I live in the middle of nowhere.
I’m telling you this because, as I recently discovered, enchiladas are typically made with a corn tortilla. And, this presented a problem as I am limited to the number of grocery stores near where I live, and none of those grocery stores seem to carry these precious corn tortillas. Even the stores that had a section specifically for Hispanic or Latin food only had a limited selection of flour tortillas. Ironically, I was able to find the flour tortillas in more than one section of the store as they are also, apparently, a refrigerated item that can be purchased near the eggs and milk.
I almost ordered some corn tortillas as a specialty product online, but then, decided that I would stray from tradition and bring you the version of enchiladas that my family is going to enjoy. Because these corn tortillas are so scarce in this area, and this is basically the only way we will be able to eat them.
Also, I know you could make the argument that I could make my own corn tortillas right at home, but after going to the lengths of making my own sauces, I just wanted to sit down and enjoy the dang enchilada already. Plus, if I’m being totally honest, I don’t even really like corn tortillas anyway. I prefer the flour tortillas, which only strengthens my argument. Thus, the next few recipes that you see for me are going to be enchiladas with a flower tortilla because it’s America and I can do what I want.
The first enchilada I made was a relatively straightforward recipe using the typical red sauce. However, I changed it up a little bit by using venison. You could absolutely use beef in this recipe or even some finely-sliced steak in the same manner I use the venison. But, since we are a family that hunts and enjoys a lot of game meat, we’re always looking for ways to use it in different recipes. If you’re hesitant to use venison, because you’re afraid of the “games” taste, these enchiladas, with their spicy sauce, really help to accentuate the good flavor of the venison without the any detectable gamey-ness. So, if you’re considering introducing someone new to venison, I would definitely recommend a recipe like this where it’s not necessarily the star of the show, but still gives you some of that game meat flavor.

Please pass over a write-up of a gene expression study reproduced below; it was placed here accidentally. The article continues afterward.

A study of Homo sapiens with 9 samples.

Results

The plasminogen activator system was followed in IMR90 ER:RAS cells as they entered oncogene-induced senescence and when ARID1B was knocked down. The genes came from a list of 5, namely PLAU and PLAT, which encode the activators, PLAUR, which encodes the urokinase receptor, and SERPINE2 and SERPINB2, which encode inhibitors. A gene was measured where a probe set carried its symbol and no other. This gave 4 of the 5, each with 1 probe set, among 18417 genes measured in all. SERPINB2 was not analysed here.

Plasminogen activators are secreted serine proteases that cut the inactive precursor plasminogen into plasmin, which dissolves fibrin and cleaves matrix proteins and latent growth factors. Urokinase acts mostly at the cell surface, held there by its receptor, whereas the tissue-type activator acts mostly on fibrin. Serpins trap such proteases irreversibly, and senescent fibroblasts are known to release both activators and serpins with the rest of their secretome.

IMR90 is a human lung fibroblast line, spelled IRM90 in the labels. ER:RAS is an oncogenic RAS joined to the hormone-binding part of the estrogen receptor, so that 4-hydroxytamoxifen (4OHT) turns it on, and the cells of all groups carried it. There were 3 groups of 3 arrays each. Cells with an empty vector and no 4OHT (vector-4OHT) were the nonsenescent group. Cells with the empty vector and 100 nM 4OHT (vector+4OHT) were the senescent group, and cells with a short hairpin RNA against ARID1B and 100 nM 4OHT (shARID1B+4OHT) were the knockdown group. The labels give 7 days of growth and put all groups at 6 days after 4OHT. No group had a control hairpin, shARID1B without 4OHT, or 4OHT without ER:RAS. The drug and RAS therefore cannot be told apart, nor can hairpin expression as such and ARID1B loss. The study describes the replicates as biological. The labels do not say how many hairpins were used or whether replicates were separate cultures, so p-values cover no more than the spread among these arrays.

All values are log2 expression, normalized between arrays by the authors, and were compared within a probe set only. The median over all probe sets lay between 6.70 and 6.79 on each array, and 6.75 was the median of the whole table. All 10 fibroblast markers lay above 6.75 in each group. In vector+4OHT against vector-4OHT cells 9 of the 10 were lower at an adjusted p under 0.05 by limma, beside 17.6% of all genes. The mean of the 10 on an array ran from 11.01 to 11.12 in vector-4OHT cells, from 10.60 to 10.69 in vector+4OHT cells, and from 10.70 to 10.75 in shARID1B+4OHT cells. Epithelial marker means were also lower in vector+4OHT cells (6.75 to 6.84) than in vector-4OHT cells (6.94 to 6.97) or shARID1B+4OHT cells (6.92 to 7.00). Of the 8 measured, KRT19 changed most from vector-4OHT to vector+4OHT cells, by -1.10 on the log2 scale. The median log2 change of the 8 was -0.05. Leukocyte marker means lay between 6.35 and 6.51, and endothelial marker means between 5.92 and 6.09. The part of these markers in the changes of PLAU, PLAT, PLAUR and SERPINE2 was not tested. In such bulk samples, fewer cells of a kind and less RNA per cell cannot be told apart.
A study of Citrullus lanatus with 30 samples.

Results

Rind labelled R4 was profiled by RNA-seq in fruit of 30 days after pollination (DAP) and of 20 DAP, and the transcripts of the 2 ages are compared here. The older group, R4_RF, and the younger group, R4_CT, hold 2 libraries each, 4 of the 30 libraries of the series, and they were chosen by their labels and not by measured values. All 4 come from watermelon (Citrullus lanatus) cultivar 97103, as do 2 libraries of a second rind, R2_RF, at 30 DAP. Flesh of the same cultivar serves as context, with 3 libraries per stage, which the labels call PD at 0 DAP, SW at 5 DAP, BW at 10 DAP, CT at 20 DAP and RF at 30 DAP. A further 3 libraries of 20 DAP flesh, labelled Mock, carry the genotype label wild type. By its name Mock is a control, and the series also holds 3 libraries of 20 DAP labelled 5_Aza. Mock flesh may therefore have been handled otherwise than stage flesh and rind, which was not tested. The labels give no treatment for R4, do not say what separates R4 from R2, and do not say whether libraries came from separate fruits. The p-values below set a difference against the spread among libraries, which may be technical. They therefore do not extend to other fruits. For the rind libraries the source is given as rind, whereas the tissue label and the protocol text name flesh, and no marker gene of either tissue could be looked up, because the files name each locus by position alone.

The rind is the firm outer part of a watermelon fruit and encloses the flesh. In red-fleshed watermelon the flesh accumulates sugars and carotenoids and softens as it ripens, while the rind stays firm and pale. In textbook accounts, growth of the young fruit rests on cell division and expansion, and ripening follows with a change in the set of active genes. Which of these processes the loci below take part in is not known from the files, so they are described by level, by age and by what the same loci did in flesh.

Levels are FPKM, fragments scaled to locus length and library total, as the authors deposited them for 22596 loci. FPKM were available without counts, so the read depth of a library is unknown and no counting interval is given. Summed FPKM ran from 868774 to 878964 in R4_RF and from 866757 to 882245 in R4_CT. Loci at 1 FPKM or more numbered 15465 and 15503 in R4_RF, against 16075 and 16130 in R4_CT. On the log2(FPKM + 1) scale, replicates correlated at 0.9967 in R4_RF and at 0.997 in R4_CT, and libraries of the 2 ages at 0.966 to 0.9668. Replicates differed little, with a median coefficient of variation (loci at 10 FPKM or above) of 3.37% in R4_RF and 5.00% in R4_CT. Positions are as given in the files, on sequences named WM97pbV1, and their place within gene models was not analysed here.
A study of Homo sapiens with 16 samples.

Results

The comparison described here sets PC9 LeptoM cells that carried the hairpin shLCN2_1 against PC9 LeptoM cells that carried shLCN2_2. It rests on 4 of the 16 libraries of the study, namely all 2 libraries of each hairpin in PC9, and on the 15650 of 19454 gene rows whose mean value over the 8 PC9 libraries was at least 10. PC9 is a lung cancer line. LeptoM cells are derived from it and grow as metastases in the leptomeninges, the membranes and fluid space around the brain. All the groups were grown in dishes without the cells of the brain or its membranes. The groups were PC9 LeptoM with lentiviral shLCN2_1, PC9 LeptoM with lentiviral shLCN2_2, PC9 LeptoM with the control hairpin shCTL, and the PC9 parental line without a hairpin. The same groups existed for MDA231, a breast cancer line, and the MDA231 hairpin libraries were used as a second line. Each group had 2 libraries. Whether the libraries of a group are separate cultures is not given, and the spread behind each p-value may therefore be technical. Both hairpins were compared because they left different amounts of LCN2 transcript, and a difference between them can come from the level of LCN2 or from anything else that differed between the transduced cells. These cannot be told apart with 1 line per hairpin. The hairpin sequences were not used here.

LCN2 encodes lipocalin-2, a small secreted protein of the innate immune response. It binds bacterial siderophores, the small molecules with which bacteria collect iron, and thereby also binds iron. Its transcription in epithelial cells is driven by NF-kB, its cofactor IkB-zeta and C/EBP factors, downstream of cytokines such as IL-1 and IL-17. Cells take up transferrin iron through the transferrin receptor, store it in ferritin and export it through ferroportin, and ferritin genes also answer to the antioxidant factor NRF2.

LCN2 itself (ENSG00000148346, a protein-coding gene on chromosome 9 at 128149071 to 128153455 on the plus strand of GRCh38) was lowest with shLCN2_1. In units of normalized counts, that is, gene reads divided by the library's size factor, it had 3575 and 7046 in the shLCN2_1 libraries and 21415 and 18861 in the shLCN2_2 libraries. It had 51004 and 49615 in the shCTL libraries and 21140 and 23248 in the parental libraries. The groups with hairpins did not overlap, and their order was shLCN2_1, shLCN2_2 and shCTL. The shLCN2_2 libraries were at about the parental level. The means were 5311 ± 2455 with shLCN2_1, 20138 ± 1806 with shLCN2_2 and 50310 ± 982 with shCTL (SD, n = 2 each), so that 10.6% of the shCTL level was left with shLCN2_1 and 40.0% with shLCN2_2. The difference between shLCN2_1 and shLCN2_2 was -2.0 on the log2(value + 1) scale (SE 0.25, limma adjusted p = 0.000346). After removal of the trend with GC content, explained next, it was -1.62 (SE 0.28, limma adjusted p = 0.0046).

Stay tuned for more on my enchilada project!
Venison Enchiladas with Red Chile Sauce
8 flour tortillas (or corn, if you prefer)
2 tbsp. butter
1/2 white onion, finely diced
1 garlic clove, minced
1 lb. venison steak meat
1 tsp chili powder
1/2 tsp cumin
3 cups red chile sauce, divided
2 cups shredded cheddar cheese, divided
Salt and pepper to taste
Cilantro for garnish
Preheat oven 350F.
In a skillet, melt butter over medium heat. Cook onions in butter for about 5-6 minutes, or until slightly translucent. Add garlic and cook an additional 1-2 minutes. Slice venison into thin 1/4″ strips and cook in butter for 4-6 minutes. Add the chili powder and cumin. Flip venison and cook and additional 3-4 minutes. Remove from heat and let cool. Cut each strip of venison into small pieces, between 1/4″ and 1/2″ pieces.
In a large bowl, combine venison, onions, 1 1/2 cups of red chile sauce and 1 cup cheese. Season to taste.
Spoon 1/8 of the mixture into the center of a tortilla. Spread it into a long thin column and roll the tortilla into a burrito shape. Place the burrito into a greased pan (The size of the pan will depend on how large your tortillas are. I used extra large 8″ tortillas, so I used a 9×11 pan). Repeat with the rest of the tortillas until you have a full pan of rolled burritos one layer thick.
Pour the remaining sauce over the top of the enchiladas and top with remaining cheese.
Bake for 20 minutes.
Garnish with cilantro and serve hot.